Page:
Posted by: , Posted on: - Categories: Technology Transformation

In February, I introduced our discovery work with the Department of Work and Pensions (DWP) on the potential of freeing up their IPv4 network addresses. We had two aims: to release IPv4 addresses for networks that aren’t ready to move to IPv6, and to release some value to reduce the deficit and help with the public finances.

Moving into alpha

The discovery phase went well. DWP hold a class A block of IPv4 addresses, much of which they used in their internal networks. Following some planning, we released 40 of the 256 class B blocks without disruption to any key services.

To minimise the impact on DWP’s services, we explored alternative network structures like Network Address Translation and IPv6, our future need for IPv4 addresses and how best to keep things stable during a transition. Protecting DWP’s networks and services in light of each of these factors carries a cost, so we wanted to see if we could bring in more proceeds than the exercise would cost us.

We treated the addresses as an asset, and as with any commodity, their price was developed from market conditions, demand and asset size on the basis of advice from Ernst & Young and IPv4 Market Group.

There was significant demand for the addresses, confirming our hypothesis that others might find them useful. We also found that market interest for those 40 class Bs did cover the work we had to do, plus a tidy profit — making this exercise a successful learning experience for us.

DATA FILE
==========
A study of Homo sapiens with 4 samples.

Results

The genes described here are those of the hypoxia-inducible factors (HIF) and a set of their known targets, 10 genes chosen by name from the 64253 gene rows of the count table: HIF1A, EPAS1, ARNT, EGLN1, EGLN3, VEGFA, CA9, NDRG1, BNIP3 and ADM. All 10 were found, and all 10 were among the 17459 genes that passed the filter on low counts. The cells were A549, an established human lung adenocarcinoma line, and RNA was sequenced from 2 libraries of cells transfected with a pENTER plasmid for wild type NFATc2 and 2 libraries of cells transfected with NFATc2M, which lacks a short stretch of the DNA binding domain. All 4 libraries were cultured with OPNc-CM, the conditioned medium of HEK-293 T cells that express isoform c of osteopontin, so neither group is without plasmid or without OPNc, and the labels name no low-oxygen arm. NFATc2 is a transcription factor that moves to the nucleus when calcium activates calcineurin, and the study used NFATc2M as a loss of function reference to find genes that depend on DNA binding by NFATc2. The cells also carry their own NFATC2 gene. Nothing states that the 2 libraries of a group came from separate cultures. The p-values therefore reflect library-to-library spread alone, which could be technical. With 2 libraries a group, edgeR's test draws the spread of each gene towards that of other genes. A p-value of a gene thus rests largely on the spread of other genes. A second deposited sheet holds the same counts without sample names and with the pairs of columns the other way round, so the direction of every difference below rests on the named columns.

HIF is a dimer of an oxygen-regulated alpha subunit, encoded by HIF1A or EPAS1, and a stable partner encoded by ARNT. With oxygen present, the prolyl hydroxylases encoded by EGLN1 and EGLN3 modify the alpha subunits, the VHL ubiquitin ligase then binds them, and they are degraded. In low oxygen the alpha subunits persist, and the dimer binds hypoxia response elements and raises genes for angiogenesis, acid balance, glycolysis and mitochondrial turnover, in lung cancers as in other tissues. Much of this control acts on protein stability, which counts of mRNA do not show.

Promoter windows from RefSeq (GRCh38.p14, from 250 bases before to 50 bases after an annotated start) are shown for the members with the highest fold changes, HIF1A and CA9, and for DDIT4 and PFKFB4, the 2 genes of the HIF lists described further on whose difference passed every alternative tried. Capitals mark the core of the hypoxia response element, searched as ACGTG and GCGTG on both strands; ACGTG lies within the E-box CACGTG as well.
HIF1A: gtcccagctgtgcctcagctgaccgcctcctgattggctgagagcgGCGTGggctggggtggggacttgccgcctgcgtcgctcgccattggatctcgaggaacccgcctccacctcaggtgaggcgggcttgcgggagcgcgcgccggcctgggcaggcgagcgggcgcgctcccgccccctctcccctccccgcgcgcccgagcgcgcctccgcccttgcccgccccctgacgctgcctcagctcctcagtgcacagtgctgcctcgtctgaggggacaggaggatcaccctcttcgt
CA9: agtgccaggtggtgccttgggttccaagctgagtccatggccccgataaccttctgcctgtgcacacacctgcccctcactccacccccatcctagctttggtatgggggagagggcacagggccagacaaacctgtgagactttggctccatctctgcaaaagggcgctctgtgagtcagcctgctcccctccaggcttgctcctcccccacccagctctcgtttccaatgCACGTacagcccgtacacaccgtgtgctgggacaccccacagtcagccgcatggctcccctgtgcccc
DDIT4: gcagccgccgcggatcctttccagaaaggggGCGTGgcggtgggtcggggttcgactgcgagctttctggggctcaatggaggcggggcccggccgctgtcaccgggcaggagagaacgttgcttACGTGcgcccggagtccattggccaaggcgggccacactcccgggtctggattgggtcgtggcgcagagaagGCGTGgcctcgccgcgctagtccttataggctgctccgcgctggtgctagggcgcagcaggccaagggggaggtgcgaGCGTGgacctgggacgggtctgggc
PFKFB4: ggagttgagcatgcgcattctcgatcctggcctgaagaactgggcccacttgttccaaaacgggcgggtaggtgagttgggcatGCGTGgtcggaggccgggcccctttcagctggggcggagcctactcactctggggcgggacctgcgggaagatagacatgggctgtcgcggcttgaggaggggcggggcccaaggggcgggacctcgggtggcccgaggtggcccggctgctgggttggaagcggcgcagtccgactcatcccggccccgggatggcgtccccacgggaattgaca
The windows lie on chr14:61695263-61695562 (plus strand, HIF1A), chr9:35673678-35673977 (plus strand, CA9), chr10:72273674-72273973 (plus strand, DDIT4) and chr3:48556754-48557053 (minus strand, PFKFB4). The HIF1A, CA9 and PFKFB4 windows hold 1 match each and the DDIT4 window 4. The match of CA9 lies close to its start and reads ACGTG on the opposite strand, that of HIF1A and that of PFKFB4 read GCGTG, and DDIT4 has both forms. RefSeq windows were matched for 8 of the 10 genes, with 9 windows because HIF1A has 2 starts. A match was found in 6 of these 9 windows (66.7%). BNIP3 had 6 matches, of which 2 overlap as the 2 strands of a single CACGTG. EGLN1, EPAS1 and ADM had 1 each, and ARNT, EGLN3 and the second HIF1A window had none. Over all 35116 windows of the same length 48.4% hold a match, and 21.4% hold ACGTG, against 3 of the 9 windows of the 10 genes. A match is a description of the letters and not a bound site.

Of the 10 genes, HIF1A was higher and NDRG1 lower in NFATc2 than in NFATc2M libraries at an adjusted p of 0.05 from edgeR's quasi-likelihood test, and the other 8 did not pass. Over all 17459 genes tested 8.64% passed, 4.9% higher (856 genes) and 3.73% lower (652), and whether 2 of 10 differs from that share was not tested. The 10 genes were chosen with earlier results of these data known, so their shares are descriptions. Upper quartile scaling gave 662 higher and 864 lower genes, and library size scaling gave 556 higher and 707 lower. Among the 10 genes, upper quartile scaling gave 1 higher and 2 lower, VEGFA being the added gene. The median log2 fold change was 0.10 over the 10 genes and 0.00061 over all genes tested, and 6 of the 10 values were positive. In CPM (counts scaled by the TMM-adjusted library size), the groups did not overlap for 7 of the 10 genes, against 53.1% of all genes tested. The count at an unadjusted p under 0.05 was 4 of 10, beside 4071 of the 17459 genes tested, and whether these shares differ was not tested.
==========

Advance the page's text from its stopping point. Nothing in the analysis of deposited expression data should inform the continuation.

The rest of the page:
What’s next

We’ve been happy to discover that we can do some good with IP addresses: both by releasing them for others to use, and by generating revenue to help fund public spending. We think there may be more opportunities like this, and will continue to investigate further sales of IP addresses.


    The funds raised from selling surplus IPV4 addresses should be used to help prepare for the transition to IPV6 because the more this is planning in advance, with new applications being enabled with the necessary address lengths etc., the cheaper it is. Interestingly Sky has just started its consumer trials: 250,000 customers in one geographic area. Others such as Vodafone and Virgin has already done trials with business customers so that the latter can develop new systems as native IPV6.

  2. Comment by Tim posted on


    I wonder how much was set aside to cover the increased operational costs, increased operational and security risks, and increased costs of exit, of any extra NAT.

    I know from work that I've undertaken in global banks that even the extra cost of managing security in a NAT environment can be hard to measure - not least since there are vested interests in using NAT - and surprisingly large.